Off Hours: A fort of one's own

By Brian Cox

Editor, Legal News

The best fort I ever built was underground. It was fine work and might, for all I know, still be there undetected like a long-abandoned bomb shelter.

It took my brothers and I many hot summer days to excavate the dirt, which we initially undertook as an alternative to boredom, determining simply to dig the biggest hole ever. At some point, despite our youthful optimism and indefatigable energy, we realized that while we had dug a substantially large and deep hole, it was unlikely given the hardening clay that we would be able to dig the deepest hole ever without upgrading to some serious earth-moving equipment.

With dirt-stained, sweaty faces, we stood around the edge of the hole looking into it, wondering, I’m sure, what to do with a really big hole once you’ve finished digging it.

One of us (I like to think it was me) suggested turning it into a fort. We immediately recognized the idea as sheer genius and dashed home to bring back scrap plywood and two-by-fours. We covered the hole with sheets of plywood and covered the plywood with dirt, leaving a small, cleverly disguised entrance that required us to crawl through on our bellies. Once inside, though, you could stand up.

We stocked the fort with survival equipment such as candles, canteens, a couple pocketknives and peanut butter. We held an initiation ceremony, I remember, that involved passing your hand through a candle’s flickering flame, and I remember arguing over whether somebody’s hand had passed through the flame or over the flame (I think we made them do it again to be sure). We took a vow of secrecy, a vow I am only now breaking more than 30 years later.

I recalled that remarkable fort of my youth recently when I spent several hours on a Sunday afternoon constructing a simpler and, admittedly, safer fort for my 8-year-old daughter and her friends. They were looking for something to do and I said, “I don’t know, go build a fort or something.”

“Will you help us?” asked my daughter.

It was not how I had planned to spend my Sunday, but I stood up and said, “Why not!” and outside we went. I marched them over to the woodpile. We would build a log fort, I had decided.

What I had not thought through was that most of the logs were too heavy for my daughter and her friends to move. So I hauled them into position, stacking them to create three walls, while the girls watched and squealed at every sighting of a potato bug or centipede.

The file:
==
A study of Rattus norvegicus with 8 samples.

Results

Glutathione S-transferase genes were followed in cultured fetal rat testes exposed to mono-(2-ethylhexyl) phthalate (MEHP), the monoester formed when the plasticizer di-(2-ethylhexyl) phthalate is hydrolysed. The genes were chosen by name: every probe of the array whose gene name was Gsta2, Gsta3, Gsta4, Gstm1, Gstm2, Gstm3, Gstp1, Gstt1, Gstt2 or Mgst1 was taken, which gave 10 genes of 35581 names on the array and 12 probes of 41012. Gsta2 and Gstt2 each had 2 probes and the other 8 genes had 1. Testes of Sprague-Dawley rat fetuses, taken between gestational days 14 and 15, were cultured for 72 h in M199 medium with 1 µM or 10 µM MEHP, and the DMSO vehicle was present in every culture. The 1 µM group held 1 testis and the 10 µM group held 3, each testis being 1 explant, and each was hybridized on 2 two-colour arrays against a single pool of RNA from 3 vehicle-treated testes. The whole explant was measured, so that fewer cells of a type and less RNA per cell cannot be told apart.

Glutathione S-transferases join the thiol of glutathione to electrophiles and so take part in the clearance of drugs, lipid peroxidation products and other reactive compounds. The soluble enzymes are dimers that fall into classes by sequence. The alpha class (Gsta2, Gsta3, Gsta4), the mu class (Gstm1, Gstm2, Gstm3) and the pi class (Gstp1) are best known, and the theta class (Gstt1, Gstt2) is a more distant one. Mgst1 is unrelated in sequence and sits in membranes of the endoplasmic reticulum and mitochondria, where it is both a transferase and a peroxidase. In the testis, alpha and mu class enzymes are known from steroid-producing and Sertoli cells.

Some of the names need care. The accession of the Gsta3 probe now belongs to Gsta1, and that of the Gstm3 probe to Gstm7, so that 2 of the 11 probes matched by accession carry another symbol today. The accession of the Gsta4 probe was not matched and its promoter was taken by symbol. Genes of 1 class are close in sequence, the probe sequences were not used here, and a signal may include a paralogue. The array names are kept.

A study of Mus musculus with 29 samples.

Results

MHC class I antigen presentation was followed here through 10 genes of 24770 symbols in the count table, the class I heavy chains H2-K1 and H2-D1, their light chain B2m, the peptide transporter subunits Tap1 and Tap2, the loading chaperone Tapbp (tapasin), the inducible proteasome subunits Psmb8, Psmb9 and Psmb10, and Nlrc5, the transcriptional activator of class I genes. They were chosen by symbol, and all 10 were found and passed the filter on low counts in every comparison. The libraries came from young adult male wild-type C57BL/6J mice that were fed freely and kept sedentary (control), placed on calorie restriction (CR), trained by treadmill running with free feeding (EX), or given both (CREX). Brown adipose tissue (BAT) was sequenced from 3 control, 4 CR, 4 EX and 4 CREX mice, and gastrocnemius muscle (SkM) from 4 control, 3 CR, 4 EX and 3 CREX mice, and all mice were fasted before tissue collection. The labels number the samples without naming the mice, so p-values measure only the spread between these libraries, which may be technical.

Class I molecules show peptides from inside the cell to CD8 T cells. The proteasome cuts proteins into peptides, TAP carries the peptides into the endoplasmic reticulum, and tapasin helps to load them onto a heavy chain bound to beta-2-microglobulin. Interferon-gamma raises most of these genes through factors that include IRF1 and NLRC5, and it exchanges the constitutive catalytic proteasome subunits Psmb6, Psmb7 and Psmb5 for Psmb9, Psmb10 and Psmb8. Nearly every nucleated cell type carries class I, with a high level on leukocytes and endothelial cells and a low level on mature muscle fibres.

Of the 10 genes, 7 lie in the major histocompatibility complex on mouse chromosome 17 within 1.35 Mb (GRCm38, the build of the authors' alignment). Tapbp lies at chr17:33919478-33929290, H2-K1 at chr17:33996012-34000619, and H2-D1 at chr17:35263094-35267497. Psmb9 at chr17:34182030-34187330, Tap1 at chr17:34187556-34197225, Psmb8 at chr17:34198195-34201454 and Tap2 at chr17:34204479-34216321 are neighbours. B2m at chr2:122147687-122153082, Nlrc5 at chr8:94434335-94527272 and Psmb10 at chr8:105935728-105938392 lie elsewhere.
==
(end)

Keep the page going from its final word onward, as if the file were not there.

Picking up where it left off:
When I finished stacking the logs, the plan was to bridge the walls with long sticks to form a roof, but the walls were too high for the girls to reach, and so I took on the responsibility of laying branches and strips of bark across the top while the girls gradually wandered off to play school on the back porch.

I next scrounged up a pair of tarps that I draped over the stick roof to keep the rain out and over the front to create a flap entrance. I stood back to admire my handiwork. It wasn’t great, but it wasn’t bad. I lifted the flap and stepped inside. It was shadowed, the way a fort should be. I felt hidden and protected. I imagined no one knew I was there. I could have my lunch out here, I thought.

I called the girls to show them the finished fort. “Cool!” they cried as they ducked under the tarp and looked around.

“This could be the school,” one said.

I almost objected. I had built a fort, not a school.

“It’s pretty small,” said another.

Small? There were four of us inside, and only one of us was slightly hunched with his head brushing the roof. And if they wanted something bigger, more time than an hour on a Sunday would be necessary.

“It could be the bathroom,” said my daughter.

Whoa, whoa, whoa there. I had not built an outhouse. It was a fort. We were supposed to be taking a blood oath, not discussing plumbing possibilities.

My daughter and her friends rushed off back to the porch, the fort forgotten for now.

I went inside and made a sandwich and a cup of coffee. Then I took my fare to the fort, sat on a log and ate my lunch in secret. It wasn’t the same as when my brothers and I had apples and slices of bread with peanut butter underground, but it wasn’t bad. Not bad at all.